But I do not consider my life of any acount as dear to myself, so that I may finish my course adn the ministry which I received from the Lord Jesus, to testify solemnly of the gospel of the grace of God.
Brine’s Sporting Goods – Looking for a new bicycling jacket, but only finding $50 Underarmor shirts. May actually go buy one (they looked warm!) if I do end up riding through the winter.
Frank’s Spoke ’n’ Wheel – Asking about my bike’s shifting issues, learning about studded snow tires for bikes (seriously; $50/tire, so I’d have to be committed to riding in subfreezing weather), and buying a rack for the back of my bike to bungee cord my backpack to.
Bearly Read Books – $20 of used books at about $2.50 a book has filled the book-tank for Ian, at least for a while. He cleaned out their Barbara Hambly section almost totally, wreaking only slightly smaller devasation on the science fiction section in general. I entertained myself with Imperial Earth by Arthur C. Clarke (possibly will get it from the library.)
Cloud Nine Toys – Stopped more out of curiosity than any desire to by remote control cars or tutus, yet I did have to pry the long grabbers out of Ian’s hand before we left.
Monnick Supply – To purchase bungee cords, of course.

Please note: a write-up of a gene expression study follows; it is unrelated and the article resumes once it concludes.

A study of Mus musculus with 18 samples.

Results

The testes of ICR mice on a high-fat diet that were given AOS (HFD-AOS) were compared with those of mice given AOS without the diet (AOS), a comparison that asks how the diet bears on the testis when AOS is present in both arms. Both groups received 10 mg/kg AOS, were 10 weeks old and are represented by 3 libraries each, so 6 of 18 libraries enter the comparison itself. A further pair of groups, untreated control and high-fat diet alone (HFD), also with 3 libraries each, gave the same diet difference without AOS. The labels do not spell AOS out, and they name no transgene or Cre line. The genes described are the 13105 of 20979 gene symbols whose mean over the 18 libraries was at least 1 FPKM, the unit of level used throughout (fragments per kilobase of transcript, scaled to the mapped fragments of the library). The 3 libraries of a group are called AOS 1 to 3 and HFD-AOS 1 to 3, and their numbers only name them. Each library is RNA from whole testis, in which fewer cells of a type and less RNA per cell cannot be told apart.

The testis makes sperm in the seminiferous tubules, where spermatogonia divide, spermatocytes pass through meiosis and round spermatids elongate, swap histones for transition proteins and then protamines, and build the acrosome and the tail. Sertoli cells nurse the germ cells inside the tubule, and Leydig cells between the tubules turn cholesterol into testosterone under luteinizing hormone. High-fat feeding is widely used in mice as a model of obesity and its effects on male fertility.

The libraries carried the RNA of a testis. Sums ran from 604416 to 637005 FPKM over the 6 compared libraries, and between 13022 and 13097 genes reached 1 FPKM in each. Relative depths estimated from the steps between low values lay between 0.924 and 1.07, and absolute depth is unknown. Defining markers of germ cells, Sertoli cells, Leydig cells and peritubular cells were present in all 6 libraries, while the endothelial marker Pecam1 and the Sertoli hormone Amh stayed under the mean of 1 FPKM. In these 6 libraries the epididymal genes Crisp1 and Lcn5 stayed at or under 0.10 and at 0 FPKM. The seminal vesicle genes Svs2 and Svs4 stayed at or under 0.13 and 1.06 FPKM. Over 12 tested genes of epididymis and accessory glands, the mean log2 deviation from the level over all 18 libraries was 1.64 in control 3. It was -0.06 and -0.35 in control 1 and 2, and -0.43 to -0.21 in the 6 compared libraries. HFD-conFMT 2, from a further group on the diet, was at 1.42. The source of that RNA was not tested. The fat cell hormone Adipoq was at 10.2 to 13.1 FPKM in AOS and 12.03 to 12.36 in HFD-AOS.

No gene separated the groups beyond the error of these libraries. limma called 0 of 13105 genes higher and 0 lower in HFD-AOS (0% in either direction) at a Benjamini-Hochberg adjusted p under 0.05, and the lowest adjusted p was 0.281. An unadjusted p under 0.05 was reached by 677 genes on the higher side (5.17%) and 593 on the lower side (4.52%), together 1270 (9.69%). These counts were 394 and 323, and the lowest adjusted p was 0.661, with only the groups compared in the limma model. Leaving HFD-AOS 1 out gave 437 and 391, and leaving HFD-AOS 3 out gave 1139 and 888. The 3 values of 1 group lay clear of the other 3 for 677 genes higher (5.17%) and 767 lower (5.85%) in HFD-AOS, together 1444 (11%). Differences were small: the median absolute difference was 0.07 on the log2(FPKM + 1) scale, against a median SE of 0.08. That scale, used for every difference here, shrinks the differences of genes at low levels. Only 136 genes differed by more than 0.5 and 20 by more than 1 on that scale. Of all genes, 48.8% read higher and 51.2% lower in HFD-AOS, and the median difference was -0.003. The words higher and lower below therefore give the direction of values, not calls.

Price Chopper – For premium East-Coast (if Pennyslvania is East Coast) spinach, California cranberries (which makes you wonder, considering that Massachusetts supplies cranberries to the rest of the country), fetta cheese from New York, and various other salad-related items. Not strictly as local as the others, you still don’t see Price Chopper all over the country. Thank goodness.
The Witch Doctor – Just kidding. There’s a shop in Marlboro called the Watch Doctor, only I inevitably read it as witch doctor. I spent several weeks wondering what they did and if it was legal before somebody pointed out they fixed watches, not communicated with spirits.
In other news, I have finally started reading Crossroads of Twilight, the last book in the Wheel of Time series that I own (apparently Book 11 has come out, but I doubt I could stomach another 800 pages of Robert Jordan). I started this series August 24th and had become thoroughly sick of it by the 8th book, but my sheer stubbornness has compelled me to slog through his endless descriptions and thousand sub-plots to finish the series. Now I see the end of the tunnel — albeit 600 pages from here — and can only hope to hang on that long.